The Girl On The Train Reviewed by Clayton Barnett


The Premise
The Girl on the Train is the story of Rachel Watson's life post-divorce. Every day, she takes the train in to work in New York, and every day the train passes by her old house. The house she lived in with her husband, who still lives there, with his new wife and child. As she attempts to not focus on her pain, she starts watching a couple who live a few houses down -- Megan and Scott Hipwell. She creates a wonderful dream life for them in her head, about how they are a perfect happy family. And then one day, as the train passes, she sees something shocking, filling her with rage. The next day, she wakes up with a horrible hangover, various wounds and bruises, and no memory of the night before. She has only a feeling: something bad happened. Then come the TV reports: Megan Hipwell is missing. Rachel becomes invested in the case and trying to find out what happened to Megan, where she is, and what exactly she herself was up to that same night Megan went missing.
The Review
The thrilling page-turner of 2015 becomes one of the highly anticipated films of 2016, but is it on track to live up to the hype?
The actual girl on the train is it-girl Emily Blunt, one of my favourite actors who always choose challenging and juicy roles, from kick-ass action in Edge of Tomorrow to intense dramas like the brilliant Sicario. And being British for the London-set novel I thought the casting agents had nailed it. But the story has been transplanted to New York, and not exactly for the better. Though Blunt still does a stellar job, playing the run-down, alcoholic compulsive liar with enough skill to actually make us sympathetic towards her.
Equally impressive is star-on-the-rise Haley Bennett. My new crush - who can also be seen in The Magnificent Seven and Warren Beatty’s upcoming Rules Don’t Apply -plays the seductive Megan with aplomb and gives Blunt a run for her money. Rebecca Ferguson (breakout star of Mission Impossible: Rogue Nation) does her best with what she’s given, but of all things The West Wing legend Allison Janney was a bit heavy handed as the detective investigating the case. The boys in The Girl on the Train are all solid but nothing spectacular.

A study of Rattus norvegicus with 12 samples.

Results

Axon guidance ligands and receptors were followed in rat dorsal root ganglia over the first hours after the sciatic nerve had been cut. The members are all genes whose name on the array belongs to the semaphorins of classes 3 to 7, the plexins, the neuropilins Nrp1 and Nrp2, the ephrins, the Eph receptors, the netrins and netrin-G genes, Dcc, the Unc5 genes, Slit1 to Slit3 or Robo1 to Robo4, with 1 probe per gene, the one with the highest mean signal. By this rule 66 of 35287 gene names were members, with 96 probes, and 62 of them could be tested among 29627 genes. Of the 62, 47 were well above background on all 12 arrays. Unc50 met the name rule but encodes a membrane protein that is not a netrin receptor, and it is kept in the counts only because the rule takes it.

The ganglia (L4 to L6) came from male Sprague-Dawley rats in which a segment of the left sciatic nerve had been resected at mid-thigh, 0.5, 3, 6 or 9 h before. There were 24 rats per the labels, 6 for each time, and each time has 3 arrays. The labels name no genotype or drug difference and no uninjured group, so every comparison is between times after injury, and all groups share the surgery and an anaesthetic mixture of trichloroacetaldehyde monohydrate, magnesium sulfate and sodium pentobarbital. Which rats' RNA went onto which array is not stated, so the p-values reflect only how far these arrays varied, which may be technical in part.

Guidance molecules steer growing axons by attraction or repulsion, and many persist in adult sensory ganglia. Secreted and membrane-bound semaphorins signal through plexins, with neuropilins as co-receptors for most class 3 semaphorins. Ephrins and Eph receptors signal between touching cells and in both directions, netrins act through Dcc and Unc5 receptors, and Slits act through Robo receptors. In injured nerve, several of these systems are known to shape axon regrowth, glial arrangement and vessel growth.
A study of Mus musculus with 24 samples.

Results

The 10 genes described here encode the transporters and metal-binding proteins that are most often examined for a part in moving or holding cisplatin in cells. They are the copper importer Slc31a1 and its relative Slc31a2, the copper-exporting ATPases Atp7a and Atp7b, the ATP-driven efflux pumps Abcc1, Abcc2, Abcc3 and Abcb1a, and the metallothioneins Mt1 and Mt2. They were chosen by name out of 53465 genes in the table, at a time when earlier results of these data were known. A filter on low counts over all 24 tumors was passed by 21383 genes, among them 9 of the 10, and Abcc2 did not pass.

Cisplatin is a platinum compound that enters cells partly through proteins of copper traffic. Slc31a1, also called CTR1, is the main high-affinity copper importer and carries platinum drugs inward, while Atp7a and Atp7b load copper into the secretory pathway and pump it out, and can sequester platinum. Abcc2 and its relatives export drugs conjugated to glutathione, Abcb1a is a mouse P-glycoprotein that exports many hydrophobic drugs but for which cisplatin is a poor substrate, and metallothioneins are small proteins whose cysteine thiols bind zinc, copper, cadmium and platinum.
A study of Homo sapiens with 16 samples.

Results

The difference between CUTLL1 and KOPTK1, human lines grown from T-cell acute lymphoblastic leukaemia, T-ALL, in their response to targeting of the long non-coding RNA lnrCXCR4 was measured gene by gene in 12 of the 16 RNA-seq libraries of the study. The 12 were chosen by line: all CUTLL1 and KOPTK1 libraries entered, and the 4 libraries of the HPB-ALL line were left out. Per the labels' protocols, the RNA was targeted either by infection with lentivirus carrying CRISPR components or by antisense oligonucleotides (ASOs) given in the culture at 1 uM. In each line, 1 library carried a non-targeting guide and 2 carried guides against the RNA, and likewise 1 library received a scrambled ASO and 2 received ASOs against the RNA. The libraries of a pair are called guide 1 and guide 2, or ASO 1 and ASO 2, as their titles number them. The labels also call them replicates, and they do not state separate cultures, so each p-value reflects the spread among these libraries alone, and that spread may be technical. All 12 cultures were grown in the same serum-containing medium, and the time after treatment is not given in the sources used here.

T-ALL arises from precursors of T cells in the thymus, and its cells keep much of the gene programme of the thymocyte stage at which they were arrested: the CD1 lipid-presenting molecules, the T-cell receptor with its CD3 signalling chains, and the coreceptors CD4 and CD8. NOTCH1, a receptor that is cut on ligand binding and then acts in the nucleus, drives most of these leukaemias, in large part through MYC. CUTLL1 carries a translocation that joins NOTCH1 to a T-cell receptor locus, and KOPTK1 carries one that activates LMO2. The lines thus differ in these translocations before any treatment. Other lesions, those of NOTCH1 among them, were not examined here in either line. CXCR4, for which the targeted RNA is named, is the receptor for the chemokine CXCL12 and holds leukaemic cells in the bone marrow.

Hype wise fans of the book need to adjust their expectations, I’ve just read it recently and while the spine of the book is the similar a lot has been tweaked or dispatched in it’s Atlantic crossing. I can understand the producers needing to change things to keep it interesting, but having these people live in mansions set back from the train tracks, rather than the inner-city dwellings of the book, makes it a lot less relatable. Plus the fact Rachel is suddenly a talented artist (in her notebook now anyway) is just a weird alteration.
Not to say it’s an effective thriller in it’s own right. Director Tate Taylor is better known for dramas such The Help and James Brown-biopic Get on Up, taking his first stab at a thriller he does a commendable job. A unique filming style in tense scenes does well to build foreboding dread but at times it did feel like a slow moving train.

The Verdict
While fans of the book might get derailed, it’s worth getting onboard this tense thriller for Emily Blunt’s standout performance.
The Trailer

The Info
Releases: 6th October 2016
Rating: R16 – contains violence, offensive language, sex scenes and content that may disturb
Duration: 112 minutes
Genre:  Drama/Thriller
Starring: Haley Bennett, Emily Blunt, Justin Theroux
Director: Tate Taylor (Films)
The Extras
Kate Mara was attached to the role of Megan, but dropped out. Haley Bennett ended up replacing her.
Jared Leto was considered for the role of Scott, but he dropped out due to scheduling conflicts. Luke Evans replaced him.
Margot Robbie was considered for the role of Megan.
Chris Evans was attached to play Tom, but scheduling conflicts with Marc Webb's Gifted 2016/II forced him to drop out. He was soon replaced by Justin Theroux.
The novel debuted at No. 1 on The New York Times Fiction Best Sellers of 2015 list and remained in the top position for 15 weeks, 13 of them being consecutive. The book has sold more than 3 million copies in the U.S. alone, as of July 2015.
The book that this film is based on is actually set in England, and Rachel gets the train into London. For the movie, the location was changed to New York.
Reunites director Tate Taylor with actress Allison Janney. They previously worked together on The Help (2011).